S.P.A.R.K. (St. Paul Church’s Announcements to Read and Know)
In his report of the 50th anniversary celebration, Pastor F. Westerkamp, commenting on the fact that the congregation was getting old, said it so well: “May our gracious God grant that the dear Gospel of Jesus, the Savior of sinners always remain new, sweet, precious, and desirable to us until the Lord closes our eyelids. Then our weak and so often pitiful praise will become praise that is perfect and roars through heaven to the glory of Him who has purchased us sinners for His blessed possession and has transferred us into the heavenly inheritance. Oh, what a glorious and eternal Jubilee we shall then celebrate!”
The above paragraph is from our church’s 125th anniversary booklet. Notice pastor Westerkamp, in 1928, said the congregation was “getting old.” My goodness! I wonder if he could have imagined the congregation would celebrate its 100th and 125th anniversaries? There’s no reason to doubt we will celebrate our 150th in 2028 either. If Pastor Westerkamp were alive today, he would think the congregation was getting very old for being around so long! Come to think of it, he would be very old himself! Thanks be to God, the Good News of Jesus Christ never gets old. It brings life and immortality to light in sinners like us. And it’s for all people who hear it and take it to heart.
In an essay I read recently by Roger Kovaciny, (a former Lutheran Church worker in Ukraine,) he outlines some reasons why the Church is experiencing an “evangelism implosion.” Some of them seem symptomatic to me as to why our church is facing difficulties in gaining people. For example, he says, “One reason why the church grew [in the first Century] was because during persecutions, the many people helped by Christians wouldn’t turn them in to the Romans. And during the numerous plagues that ripped through premodern cities, Christians saved many victims by nursing them instead of fleeing. Many who recovered attributed their rescue to the Christians or the Christians’ God. Many were converted. Just like today, the church didn’t grow from miraculous mass conversions or evangelism programs. The Mormons found out their ubiquitous cold calls are successful only one time out of a thousand. (Sound familiar?) What works for them is what works for us: having children or making friends and bringing those friends to church or a meeting with the pastor. Meeting with the pastor at the home of a friend is fruitful one time out of two—literally five hundred times oftener than a cold call on a stranger.”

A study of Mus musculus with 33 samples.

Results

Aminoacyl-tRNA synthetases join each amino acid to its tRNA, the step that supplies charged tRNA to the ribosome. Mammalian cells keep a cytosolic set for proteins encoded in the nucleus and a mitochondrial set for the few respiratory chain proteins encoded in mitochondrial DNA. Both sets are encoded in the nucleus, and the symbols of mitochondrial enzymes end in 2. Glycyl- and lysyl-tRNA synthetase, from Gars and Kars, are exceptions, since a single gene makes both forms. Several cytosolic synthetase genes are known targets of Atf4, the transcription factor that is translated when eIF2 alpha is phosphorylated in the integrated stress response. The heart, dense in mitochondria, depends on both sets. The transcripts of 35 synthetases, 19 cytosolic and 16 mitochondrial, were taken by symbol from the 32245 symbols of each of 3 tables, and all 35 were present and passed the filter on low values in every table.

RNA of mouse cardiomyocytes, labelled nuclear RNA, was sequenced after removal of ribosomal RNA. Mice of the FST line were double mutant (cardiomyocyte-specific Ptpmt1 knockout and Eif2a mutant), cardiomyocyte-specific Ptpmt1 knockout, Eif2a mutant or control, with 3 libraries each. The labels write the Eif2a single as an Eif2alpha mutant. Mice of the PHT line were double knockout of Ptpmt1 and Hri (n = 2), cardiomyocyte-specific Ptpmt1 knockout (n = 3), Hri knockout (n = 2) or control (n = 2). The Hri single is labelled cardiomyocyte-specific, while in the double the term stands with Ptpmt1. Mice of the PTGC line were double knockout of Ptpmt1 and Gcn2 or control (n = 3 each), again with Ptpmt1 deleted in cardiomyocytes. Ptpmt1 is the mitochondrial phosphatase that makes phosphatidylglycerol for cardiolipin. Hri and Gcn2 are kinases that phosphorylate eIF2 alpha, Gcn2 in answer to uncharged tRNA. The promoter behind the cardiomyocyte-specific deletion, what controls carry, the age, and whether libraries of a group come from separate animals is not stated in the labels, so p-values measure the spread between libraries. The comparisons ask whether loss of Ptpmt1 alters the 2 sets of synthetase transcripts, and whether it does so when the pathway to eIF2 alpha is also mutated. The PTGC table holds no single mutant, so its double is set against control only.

I must admit, in my thirteen years in the ministry I have never been invited to someone’s home to speak to a friend about Jesus. I would in a heartbeat if asked to do so. Perhaps Mr. Kovaciny’s experience overseas was different than what I have seen in the Northwest. Some of you have told me you’ve invited your neighbors and friends to church, and they politely declined. What else can you do? Have more babies? That’s one solution; but it’s not an option for a lot of us at St. Paul because, well, to put in Pastor Westerkamp’s words, we’re “getting old.” If Kovaciny is right, then we will have to work harder and be more persistent in our invitations to friends to come to church. To that end I pray the Lord to give us courage and strength to do it.